WATER VALLEY – The classic Thanksgiving Day feast will cost just a little less this year, according to the 28th annual informal price survey conducted by the American Farm Bureau Federation.
On the local level, the price is even a little lower than the national average, according to the Herald’s very informal survey conducted by the newspaper’s resident tightwad.
The national survey indicates the average cost of this year’s feast for 10 is $49.04, a 44-cent price decrease from last year’s average of $49.48.
“The cost of this year’s meal, at less than $5 per serving, remains an excellent value for consumers,” said AFBF President Bob Stallman, a rice and cattle producer from Texas. “America’s farm and ranch families are honored to produce the food from our nation’s land for family Thanksgiving celebrations,” he said.
The AFBF survey shopping list includes turkey, bread stuffing, sweet potatoes, rolls with butter, peas, cranberries, a relish tray of carrots and celery, pumpkin pie with whipped cream, and beverages of coffee and milk, all in quantities sufficient to serve a family of 10. There is also plenty for leftovers.
The big ticket item – a 16-pound turkey – came in at $21.76 on the national level. That is roughly $1.36 per pound, a decrease of about 3 cents per pound, or a total of 47 cents per whole turkey, compared to 2012. Locally, the prices runs as low as $14.08 ($.88 per pound), the same as last year.
However, even a more expensive turkey breast is only $1.58 per pound locally and a top-of-the-turkey-line smoked bird is only $2.48 per pound. The Herald wasn’t able to locate a do-it-yourself kit (live turkey and small hatchet) locally.
In addition to the turkey, other items that declined in price included a dozen brown-n-serve rolls, $2.18 ($1.98 locally); one pound of green peas, $1.54 ($1 locally); fresh cranberries, $2.42 ($1.98 locally); and two nine-inch pie shells, $2.49 ($2.28 locally).
One of the items that always gives us a problem is trying to compare fine local cornbread dressing with the “bread stuffing” on the list. A close equivalent is $2.36. And, we don’t even like to mention oyster dressing.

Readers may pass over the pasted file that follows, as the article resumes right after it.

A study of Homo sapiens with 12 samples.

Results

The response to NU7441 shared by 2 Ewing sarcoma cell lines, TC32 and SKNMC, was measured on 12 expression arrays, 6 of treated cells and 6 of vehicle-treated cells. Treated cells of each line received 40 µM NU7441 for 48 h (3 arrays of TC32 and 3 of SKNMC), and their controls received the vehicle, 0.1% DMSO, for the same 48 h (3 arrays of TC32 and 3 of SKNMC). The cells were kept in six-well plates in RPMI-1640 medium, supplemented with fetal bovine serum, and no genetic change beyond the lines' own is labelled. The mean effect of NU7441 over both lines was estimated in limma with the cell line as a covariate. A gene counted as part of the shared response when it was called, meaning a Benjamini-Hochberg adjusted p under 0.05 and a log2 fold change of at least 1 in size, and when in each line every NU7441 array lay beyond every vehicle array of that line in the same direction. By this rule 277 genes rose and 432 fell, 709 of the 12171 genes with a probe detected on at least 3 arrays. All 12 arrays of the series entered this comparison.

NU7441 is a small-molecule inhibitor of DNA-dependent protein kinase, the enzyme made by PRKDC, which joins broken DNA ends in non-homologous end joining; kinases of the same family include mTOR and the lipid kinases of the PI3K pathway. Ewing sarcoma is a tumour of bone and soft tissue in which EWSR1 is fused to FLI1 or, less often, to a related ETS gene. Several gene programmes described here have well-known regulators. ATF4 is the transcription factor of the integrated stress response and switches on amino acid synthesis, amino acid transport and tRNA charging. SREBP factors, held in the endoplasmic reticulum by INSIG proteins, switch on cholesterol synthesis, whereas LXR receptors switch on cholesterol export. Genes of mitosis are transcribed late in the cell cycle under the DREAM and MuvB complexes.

“Most Americans will pay about the same as last year at the grocery store for a turkey and all the trimmings,” said John Anderson, AFBF’s deputy chief economist. “Slightly higher turkey production for much of the year coupled with an increase in birds in cold storage may be responsible for the moderate price decrease our shoppers reported,” he said.
“Special sales and promotions on turkey and other holiday food items will continue right up to Thanksgiving,” Anderson explained. “If you have the patience to wait until the last minute to buy a turkey you might come home with an exceptional bargain,” he said.
The average cost of the dinner has remained around $49 since 2011. Further, Anderson noted that despite retail price increases during the last year or so, American consumers have enjoyed relatively stable food costs in general over the years, particularly when adjusted for inflation.
Farm Bureau volunteer shoppers are asked to look for the best possible prices, without taking advantage of special promotional coupons or purchase deals, such as spending $50 and receiving a free turkey. Shoppers with an eye for bargains in all areas of the country should be able to purchase individual menu items at prices comparable to the Farm Bureau survey averages.
Another option for busy families without a lot of time to cook is ready-to-eat Thanksgiving meals for up to 10 people, with all the trimmings, which are available at many supermarkets and take-out restaurants for around $50 to $75. Locally, a prepared meal will run from $40 to $50.
The AFBF survey was first conducted in 1986. While Farm Bureau does not make any scientific claims about the data, it is an informal gauge of price trends around the nation. The Herald’s survey was about as unscientific as one could get and was not the least influenced by a free sample taste at one local store.